Photos and Story by James Hill
Portland Community College has the highest population of transgender and gender nonconforming students of any community college in Oregon and one of the highest of any higher education institution in the state.
As a result, PCC has made significant changes to assist in creating a safe and accessible atmosphere for these students. Since January, class rosters at PCC have reflected the preferred names of students rather than their legal names. Organizers said this is a significant step forward for transgender and gender nonconforming students, faculty, and staff. Having a preferred name reflected on class rosters benefits transgender students for whom a legal name may reflect a gender they do not identify with. Visit the preferred names webpage for more information.
This change comes on the heels of the decision to construct 19 new all-gender bathrooms as part of the college’s Bond Program. Gendered bathrooms labeled “men” or “women” pose barriers for many transgender and gender nonconforming community members, said Nash Jones, the chair of the college’s Gender Inclusive Spaces Committee and a coordinator at the Rock Creek Campus’ Queer Resource Center. Jones continued that these bathrooms, like the class roster change, will serve the needs of a variety of people in addition to the transgender and gender nonconforming communities, including parents and people with disabilities. And, the restrooms can be used by anyone.
“Adding more all-gender restrooms and having preferred names reflected across more systems are both important steps in making PCC a more trans-affirming college,” Jones said. “These changes are a way for the college to let trans and gender nonconforming students, faculty and staff know that we see them, we value their contributions to our community, and because of that we are working to understand and meet their accessibility needs.”
In a 2013 statewide survey conducted by the Oregon Student Association and the Oregon Community College Student Association, it was found that seven percent of students at PCC’s Cascade Campus in North Portland identify themselves as transgender or gender nonconforming students, six percent at the Rock Creek (Beaverton) and Sylvania (Southwest Portland) campuses, and four percent at the new Southeast Campus. The community college with the second-highest percentage of trans students was Rogue Community College in Grants Pass at three percent. The University of Oregon has a trans population of seven percent, most by any four-year institution.PCC’s Gender Inclusive Spaces Committee, a group of students, staff, and faculty at the college advocating for trans culturally responsive policies and practices, partnered with the college’s Technology Solution Services, Student Account Services and Student Affairs departments to make this class roster change a reality. Jones said this collaborative effort will continue as other systems at the college are slated to be updated to reflect preferred names.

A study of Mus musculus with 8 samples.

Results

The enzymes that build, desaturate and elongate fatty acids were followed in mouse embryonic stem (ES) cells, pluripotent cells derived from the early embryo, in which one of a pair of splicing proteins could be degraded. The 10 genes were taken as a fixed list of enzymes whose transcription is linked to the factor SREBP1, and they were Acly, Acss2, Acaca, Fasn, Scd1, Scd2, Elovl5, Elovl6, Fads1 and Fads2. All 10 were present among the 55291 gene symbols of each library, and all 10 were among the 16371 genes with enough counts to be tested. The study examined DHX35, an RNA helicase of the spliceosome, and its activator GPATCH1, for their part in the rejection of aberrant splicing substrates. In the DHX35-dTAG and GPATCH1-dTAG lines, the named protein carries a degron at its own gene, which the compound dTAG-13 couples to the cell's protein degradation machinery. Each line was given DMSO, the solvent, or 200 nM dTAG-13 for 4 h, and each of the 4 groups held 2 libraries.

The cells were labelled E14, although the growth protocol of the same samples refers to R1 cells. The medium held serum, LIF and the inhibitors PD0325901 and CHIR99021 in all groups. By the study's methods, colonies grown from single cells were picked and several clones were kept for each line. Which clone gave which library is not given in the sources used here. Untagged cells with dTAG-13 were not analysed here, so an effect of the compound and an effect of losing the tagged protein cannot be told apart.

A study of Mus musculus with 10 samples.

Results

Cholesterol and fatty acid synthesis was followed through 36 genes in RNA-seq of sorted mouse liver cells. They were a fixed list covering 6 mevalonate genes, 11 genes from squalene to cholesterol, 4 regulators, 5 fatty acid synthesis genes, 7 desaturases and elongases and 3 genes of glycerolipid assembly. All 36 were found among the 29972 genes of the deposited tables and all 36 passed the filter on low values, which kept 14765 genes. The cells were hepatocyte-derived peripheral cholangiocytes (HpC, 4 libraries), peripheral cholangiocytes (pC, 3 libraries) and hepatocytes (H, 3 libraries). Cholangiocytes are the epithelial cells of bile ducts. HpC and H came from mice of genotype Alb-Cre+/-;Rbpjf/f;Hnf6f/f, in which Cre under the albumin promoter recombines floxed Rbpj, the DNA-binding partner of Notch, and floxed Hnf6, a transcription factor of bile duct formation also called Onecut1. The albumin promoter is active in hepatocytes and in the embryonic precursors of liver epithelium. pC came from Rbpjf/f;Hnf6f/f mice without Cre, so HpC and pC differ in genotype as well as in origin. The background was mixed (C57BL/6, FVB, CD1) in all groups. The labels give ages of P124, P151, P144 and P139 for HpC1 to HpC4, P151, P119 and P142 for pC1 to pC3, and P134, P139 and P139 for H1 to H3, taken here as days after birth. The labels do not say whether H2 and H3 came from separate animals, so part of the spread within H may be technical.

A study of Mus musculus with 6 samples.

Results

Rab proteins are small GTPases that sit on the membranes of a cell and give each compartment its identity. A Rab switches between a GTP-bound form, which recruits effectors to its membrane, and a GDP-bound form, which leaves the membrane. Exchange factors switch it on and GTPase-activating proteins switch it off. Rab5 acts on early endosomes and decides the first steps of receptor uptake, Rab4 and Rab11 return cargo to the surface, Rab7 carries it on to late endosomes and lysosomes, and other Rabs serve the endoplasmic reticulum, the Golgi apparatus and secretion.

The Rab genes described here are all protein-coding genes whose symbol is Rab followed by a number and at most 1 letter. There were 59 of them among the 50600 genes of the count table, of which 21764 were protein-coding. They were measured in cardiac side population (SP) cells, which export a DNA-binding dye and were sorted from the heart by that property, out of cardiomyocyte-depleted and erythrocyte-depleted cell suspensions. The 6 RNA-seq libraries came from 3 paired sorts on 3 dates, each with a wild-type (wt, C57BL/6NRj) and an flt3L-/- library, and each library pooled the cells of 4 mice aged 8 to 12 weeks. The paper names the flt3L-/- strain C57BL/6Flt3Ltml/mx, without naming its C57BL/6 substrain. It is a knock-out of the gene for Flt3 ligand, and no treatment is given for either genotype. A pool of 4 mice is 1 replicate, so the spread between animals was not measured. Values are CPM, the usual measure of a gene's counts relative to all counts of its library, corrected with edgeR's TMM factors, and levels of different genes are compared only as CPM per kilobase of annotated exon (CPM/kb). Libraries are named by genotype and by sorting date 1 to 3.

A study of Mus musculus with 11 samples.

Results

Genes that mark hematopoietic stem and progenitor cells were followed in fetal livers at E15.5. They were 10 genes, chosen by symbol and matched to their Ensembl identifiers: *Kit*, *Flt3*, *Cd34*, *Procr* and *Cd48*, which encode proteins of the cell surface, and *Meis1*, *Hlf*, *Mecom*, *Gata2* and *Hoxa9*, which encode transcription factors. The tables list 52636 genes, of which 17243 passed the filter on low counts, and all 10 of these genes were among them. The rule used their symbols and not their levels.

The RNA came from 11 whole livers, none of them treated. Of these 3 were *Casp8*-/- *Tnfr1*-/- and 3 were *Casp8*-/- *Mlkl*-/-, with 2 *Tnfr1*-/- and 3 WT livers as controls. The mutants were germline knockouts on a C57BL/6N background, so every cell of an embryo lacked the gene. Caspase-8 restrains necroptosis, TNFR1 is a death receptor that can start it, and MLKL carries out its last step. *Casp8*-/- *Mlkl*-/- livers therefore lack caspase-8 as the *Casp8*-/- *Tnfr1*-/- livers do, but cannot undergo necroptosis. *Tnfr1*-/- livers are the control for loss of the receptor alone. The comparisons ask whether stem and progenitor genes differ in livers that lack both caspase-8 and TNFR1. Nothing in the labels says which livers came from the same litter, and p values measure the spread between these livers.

The Gender Inclusive Spaces Committee, which is funded through the end of this academic year, consists of about 24 members that have met every other week since 2012 about these opportunities. Students and committee members hope the committee continues to work on additional LGBTQ inclusion initiatives at PCC.
“The amount of assistance we have received while working towards making PCC a more inclusive college has been immeasurable,” said student Kole Myrick.“It feels great to have allies in my fellow students, faculty, staff and administration and to all be working together towards a common goal. Creating gender-neutral bathrooms and making sure students can use their preferred name within the classroom, on class rosters, within distance learning, and on their student ID’s has been a personal mission of mine since I started at PCC two years ago.
“I am so happy and pretty darn proud of all of the changes that PCC has made,” Myrick added. “We, as a committee, have paved the way for all students at PCC to feel welcome and accepted.”